Thursday, August 2, 2018
TEXT BY DEV SUKUMAR | BADMINTONPHOTO
After Ygor Coelho yesterday, it was Liew Daren’s turn to create ripples at the TOTAL BWF World Championships 2018 today with a straight-games upset of fifth seed Kidambi Srikanth in the third round.
The victory of the rank long shot – who trains as an independent player – over one of the event’s top Men’s Singles contenders was one of the most unanticipated results of the day, particularly in the manner in which it unfolded.
Malaysia’s Liew (featured image) played unhindered by expectations or pressure, and was able to regularly punch holes in Kidambi’s defence. The Indian had his chances of forcing a decider, but to Liew’s credit, he was razor-sharp with his attack, both at Kidambi’s body and on the lines. A body smash gave him his biggest individual result since winning the French Open in 2012.
“It is my best performance after the French Open win,” said Liew. “Of course I used to imagine that I could come this far – I’ve even imagined being World Champion – but it’s about achieving it, right? Everyone imagines these things, but it’s about doing the right things. Today I managed to keep the pressure on him from the beginning. Hopefully there’s more to come. Of course it will be tough in the quarter-final (against Japan’s Kanta Tsuneyama), he’s the favourite. But today also Srikanth was the favourite and I managed to beat him.”
In the same half, Japan’s Kento Momota – who has been causing all the buzz in the run-up to the Worlds – looked in danger of an early exit before he pulled himself together against Denmark’s Anders Antonsen.
The Dane played a near-perfect first game, firing off sharp winners and capitalising on Momota’s indecisive play. It was even until midway in the second, after which Momota’s unerring precision and stellar defence started to wear down Antonsen, who was forced to to go closer and closer to the lines.
“I’m disappointed I couldn’t get it in the second,” Antonsen sighed. “I think I played good quality in all my shots, didn’t make mistakes. It was close to a perfect first game. In the second he played good quality, he didn’t make any mistakes and his defence was getting better and better. It was difficult for me to end the rallies.”
Meanwhile, the highly-anticipated clash between five-time champion Lin Dan and All England champion Shi Yuqi fizzled out, with Lin struggling to contain Shi’s speed and explosive power. The younger man was in control from start to finish, closing it out 21-15 21-9.
“His style has changed in recent times; he now forces opponents into making mistakes. I had to be patient, that’s what I did better today,” said Shi.
Nehwal, Pusarla in Quarters
Two of the Women’s Singles quarter-finals will feature replays of recent World Championships finals: India’s Pusarla V Sindhu and Saina Nehwal taking on Japan’s Nozomi Okuhara and Spain’s Carolina Marin respectively.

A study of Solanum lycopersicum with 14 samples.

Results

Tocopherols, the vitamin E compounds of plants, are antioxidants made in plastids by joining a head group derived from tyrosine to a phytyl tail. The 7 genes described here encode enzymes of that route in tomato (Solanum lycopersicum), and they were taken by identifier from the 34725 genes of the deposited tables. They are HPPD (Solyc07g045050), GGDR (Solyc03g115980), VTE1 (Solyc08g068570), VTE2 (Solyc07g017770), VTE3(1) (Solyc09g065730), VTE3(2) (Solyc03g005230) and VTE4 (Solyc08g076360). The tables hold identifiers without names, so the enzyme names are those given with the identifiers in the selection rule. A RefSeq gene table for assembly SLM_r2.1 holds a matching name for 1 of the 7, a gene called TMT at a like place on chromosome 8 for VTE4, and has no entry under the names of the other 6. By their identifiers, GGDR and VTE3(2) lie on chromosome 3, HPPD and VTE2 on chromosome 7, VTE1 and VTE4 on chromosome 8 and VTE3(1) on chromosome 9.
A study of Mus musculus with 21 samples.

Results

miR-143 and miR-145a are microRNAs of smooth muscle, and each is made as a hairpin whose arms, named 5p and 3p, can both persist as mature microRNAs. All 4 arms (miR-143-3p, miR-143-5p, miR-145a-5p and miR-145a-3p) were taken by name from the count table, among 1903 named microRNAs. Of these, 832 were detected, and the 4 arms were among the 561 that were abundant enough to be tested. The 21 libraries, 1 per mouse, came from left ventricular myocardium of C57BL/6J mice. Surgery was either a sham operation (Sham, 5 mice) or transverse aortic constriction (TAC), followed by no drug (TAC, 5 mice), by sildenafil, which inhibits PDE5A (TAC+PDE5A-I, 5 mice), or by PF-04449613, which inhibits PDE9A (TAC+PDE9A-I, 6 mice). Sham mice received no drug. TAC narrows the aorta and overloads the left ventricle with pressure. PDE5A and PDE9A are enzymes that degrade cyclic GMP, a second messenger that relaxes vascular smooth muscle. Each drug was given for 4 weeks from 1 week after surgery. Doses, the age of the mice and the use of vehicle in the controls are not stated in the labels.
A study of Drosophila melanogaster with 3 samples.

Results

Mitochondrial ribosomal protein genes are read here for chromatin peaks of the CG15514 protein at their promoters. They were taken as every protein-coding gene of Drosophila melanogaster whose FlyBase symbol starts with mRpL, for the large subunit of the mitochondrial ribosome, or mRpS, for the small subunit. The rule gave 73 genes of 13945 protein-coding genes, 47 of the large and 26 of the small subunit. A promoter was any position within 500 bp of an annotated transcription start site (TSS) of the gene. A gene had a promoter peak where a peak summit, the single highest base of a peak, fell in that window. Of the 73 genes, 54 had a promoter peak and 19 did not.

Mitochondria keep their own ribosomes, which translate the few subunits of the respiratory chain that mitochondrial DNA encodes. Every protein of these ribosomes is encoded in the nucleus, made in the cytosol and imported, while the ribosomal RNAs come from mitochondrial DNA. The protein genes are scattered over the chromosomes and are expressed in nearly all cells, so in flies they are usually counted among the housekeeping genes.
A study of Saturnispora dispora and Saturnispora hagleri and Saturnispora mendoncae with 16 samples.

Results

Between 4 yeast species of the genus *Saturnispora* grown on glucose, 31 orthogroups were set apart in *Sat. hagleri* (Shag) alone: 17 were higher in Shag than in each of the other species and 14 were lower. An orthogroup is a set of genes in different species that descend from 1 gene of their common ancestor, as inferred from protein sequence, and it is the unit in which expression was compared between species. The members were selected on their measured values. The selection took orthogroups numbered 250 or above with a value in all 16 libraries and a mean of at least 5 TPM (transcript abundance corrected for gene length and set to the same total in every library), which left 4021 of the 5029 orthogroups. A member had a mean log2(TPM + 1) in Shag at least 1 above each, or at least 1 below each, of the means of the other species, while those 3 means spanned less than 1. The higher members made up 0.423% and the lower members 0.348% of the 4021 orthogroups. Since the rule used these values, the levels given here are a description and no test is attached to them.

Nehwal started strongly against Thailand’s Ratchanok Intanon and held off a determined surge by her opponent late in the second to clinch a 21-16 21-19 result. The Indian used her sheer athleticism and retrieving ability to stonewall the creative shotmaking of the Thai.
“She can play all kinds of shots and you can get in trouble,” said Nehwal. “Towards the end she played fearlessly and came to 19-all. The last two points were entirely thanks to (coach) Gopi Sir’s strategy.
“I kept retrieving well. In previous tournaments, I was getting nervous at 18-all. Today I was there, I was picking up her shots.”
Nehwal said the pressure was off her as all the attention was on Tai Tzu Ying.
“Tai has been on top the last two years. There is less pressure on me. I haven’t gone past the quarter-finals in the World Tour. I played well at the Commonwealth Games and the Asian Championships. It’s fine, I’m happier my form’s coming back.
“I will be playing Marin after the Denmark Open last year. She’s very aggressive, it’s going to be a challenging match.”
Hong Kong Stay Alive
Mixed Doubles third seeds Tang Chun Man/Tse Ying Suet were nearly bounced out of the tournament by Indonesia’s Praveen Jordan/Melati Daeva Oktavianti, who had two match points in the third. It was Tse’s alertness at the death that denied the Indonesians victory, and the Hongkongers heaved a sigh of relief after their error-ridden performance: 21-15 19-21 26-24.
Tang and Tse take on Malaysia’s Chan Peng Soon/Goh Liu Ying, while in the bottom quarter, England’s Chris and Gabrielle Adcock face second seeds Wang Yilyu/Huang Dongping.
Shock Loss for Lee/Shin
It was a bright day for Indonesia in Women’s Doubles as three pairs entered the quarter-finals. Anggia Shitta Awanda and Mahadewi Istirani Ni Ketut created the biggest sensation in the category, downing sixth seeds Lee So Hee/Shin Seung Chan (Korea) 21-15 21-17.
Their compatriots Della Destiara Haris/Rizki Amelia Pradipta also made the last-eight, where they face Japan’s Shiho Tanaka/Koharu Yonemoto.
Doubles Trouble for Malaysia
Malaysia’s Goh V Shem and Tan Wee Kiong’s troubles with serving under pressure returned to haunt them as they were edged out in a thriller by China’s Li Junhui/Liu Yuchen, 16-21 21-15 22-20.
The fast and fierce battle was poised at 19-all when Tan Wee Kiong served short; a couple of points later Liu Yuchen got lucky with the net cord. The Malaysians’ misery was complete with Li Junhui flick-serving Tan and killing the tame return that ballooned up.
The Chinese duo take on another Malaysian pair, Aaron Chia/Soh Wooi Yik, who surprised eighth-seeded Danes Kim Astrup/Anders Skaarup Rasmussen.